Summer has almost come to an end in Germany, and the political players are slowly coming back into the focus of the public....after weeks of "rest". We are now getting close to the start of full-up political talk and preparing for the German 2013 election. Merkel is of course, the chief player for the CDU and currently in the better position of at least picking up the most representation....but nothing near fifty percent.
We are about four months away from the the chief opposition party....the SPD....picking their lead candidate. Right now....there's basically three guys in the running. First, the ex-finance minister of Germany (Peer Steinbrueck), who can give out a good speech but doesn't generate a lot of enthusiasm amongst the bulk of SPD players. Second, there's the current chairman of the SPD party (Sigmar Gabriel), who did four years as the prime minister of Lower Saxony and has been the party chief for roughly three years now.....and falls into the same category as a good speech giver, but doesn't have massive amounts of charm to attract independent voters. Finally, there's Frank-Walter Steinmeier, who was the former foreign minister for the German government when the SPD was the junor partner in a Merkel collation government. You can say that he's distinguished and attracts more attention than the other two guys.....but for the independent vote.....he lack enough charm to get their votes.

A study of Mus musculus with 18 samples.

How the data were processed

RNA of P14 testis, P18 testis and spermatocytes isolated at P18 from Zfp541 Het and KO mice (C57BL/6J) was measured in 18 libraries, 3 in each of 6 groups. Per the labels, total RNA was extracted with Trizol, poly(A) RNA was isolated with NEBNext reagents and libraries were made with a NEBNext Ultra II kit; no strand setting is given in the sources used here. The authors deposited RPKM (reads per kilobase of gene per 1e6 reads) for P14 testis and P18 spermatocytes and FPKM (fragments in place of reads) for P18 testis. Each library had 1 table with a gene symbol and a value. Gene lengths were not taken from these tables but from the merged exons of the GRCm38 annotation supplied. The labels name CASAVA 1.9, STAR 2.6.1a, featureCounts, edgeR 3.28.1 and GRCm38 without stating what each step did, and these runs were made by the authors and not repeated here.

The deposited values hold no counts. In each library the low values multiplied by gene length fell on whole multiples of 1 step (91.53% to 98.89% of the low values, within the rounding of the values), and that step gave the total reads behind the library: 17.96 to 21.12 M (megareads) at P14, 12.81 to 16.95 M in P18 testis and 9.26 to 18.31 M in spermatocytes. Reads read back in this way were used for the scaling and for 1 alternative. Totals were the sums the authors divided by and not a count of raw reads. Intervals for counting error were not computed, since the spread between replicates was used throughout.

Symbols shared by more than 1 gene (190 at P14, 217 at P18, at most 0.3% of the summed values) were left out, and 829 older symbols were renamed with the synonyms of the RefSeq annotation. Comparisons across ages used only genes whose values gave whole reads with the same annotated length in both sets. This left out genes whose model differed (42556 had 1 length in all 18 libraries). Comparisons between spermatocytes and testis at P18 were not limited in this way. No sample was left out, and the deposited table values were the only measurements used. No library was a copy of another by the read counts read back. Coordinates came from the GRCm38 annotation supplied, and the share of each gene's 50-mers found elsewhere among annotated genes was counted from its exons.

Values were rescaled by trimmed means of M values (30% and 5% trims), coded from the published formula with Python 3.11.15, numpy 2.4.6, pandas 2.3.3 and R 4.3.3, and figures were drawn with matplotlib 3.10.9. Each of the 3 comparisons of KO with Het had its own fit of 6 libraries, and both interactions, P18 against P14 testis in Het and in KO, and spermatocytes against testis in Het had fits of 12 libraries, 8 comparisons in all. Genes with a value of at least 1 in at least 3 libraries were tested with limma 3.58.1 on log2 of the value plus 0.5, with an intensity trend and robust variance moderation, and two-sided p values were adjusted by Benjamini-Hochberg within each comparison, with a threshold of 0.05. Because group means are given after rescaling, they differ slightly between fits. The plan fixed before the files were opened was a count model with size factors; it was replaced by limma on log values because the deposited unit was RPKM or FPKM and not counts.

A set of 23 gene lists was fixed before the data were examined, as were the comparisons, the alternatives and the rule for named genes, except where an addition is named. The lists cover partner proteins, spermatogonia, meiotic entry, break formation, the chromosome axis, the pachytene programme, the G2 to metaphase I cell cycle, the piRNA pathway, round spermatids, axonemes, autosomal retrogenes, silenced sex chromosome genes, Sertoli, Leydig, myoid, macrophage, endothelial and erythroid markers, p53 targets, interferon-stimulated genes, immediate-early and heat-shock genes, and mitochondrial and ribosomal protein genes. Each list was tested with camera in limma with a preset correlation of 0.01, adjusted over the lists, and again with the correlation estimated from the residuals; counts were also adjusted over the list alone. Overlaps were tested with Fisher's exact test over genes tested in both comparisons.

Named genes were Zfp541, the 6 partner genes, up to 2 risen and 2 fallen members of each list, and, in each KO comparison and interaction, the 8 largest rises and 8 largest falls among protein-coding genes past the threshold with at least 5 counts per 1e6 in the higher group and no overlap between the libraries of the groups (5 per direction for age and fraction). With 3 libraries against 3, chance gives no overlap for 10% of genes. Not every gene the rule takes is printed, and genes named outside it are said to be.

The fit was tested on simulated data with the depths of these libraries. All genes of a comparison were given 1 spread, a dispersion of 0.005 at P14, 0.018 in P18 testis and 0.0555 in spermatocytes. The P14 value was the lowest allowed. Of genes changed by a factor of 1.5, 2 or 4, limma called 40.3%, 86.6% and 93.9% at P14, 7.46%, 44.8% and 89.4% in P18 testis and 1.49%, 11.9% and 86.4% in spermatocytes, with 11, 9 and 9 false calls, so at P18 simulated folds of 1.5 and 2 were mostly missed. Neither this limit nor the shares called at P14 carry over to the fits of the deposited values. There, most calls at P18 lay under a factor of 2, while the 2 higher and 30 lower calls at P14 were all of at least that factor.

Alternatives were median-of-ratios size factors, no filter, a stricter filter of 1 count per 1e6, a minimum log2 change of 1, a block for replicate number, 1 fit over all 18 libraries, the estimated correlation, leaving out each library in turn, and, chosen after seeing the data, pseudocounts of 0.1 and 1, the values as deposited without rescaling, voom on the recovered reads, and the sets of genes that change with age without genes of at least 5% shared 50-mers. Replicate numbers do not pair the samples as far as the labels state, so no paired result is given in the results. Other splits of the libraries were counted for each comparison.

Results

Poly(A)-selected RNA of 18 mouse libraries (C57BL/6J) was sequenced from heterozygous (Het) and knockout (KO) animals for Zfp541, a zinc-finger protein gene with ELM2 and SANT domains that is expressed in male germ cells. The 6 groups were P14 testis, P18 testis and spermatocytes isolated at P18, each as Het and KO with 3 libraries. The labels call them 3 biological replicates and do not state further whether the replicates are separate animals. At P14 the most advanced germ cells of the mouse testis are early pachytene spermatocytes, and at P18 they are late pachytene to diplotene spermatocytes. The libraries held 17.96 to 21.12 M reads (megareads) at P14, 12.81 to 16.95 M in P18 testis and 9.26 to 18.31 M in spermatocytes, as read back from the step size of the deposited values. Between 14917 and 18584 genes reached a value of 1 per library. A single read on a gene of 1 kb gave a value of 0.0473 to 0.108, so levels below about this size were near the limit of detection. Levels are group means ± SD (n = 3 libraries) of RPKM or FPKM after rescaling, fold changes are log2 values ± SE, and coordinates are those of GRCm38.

As for the anticipated polling? Well....the CDU-CSU folks are pulling around 36 to 38 percent of the national vote. It's doubtful they can get past forty percent. You have to remember....you can't really win unless you have partnerships with at least fifty percent of the national vote.
The traditional CDU partner was the FDP, who usually could pull in ten percent of the national vote.....but things have gone downhill over the past four years. Right now....the FDP is predicted not to get more than four percent....so they won't even stand up in the Bundestag (the minimum of five-percent rule falls into place here).
This kinda leaves the other three minor parties as items of interest.
The Linke Party....which is mostly far-left or Communists in nature....will likely take around seven to eight percent, but Merkel won't dare partner up with them.
The Greens? They might pull twelve percent....but traditionally were never partners with the CDU (too wide of opinions). The CDU has intentionally partnered up in several state elections with the Greens.....to build some interest, so they might fall into a partnership, but it's big question mark.
Finally, there's the Pirate Party. I know.....most folks still take them as a joke. But I'm predicting around a eight to ten percent win. They only attract the 18-to-25 year old folks, and there's no realistic policy around the party.
So, the optimistic view is that the CDU will lead on the election and ask the SPD to partner up with them. Some folks don't want that partnership to happen (within the SPD), and it creates a very limited opportunity....the CDU partnering with the Greens (less than fifty percent chance) or partnering up with the Pirates (the impossible dream). Failure in partnerships....means the second contender of the election then gets a chance to partner up and run the government. It kinda means that a fairly weak government comes out and walks around for two or three years with public complaints....and creating a possible early election.
The end result....this 2013 election might turn out to be an interesting period in German history. And if the Pirate Party could pull out a twelve-percent win....there might be a curious partnership to develop.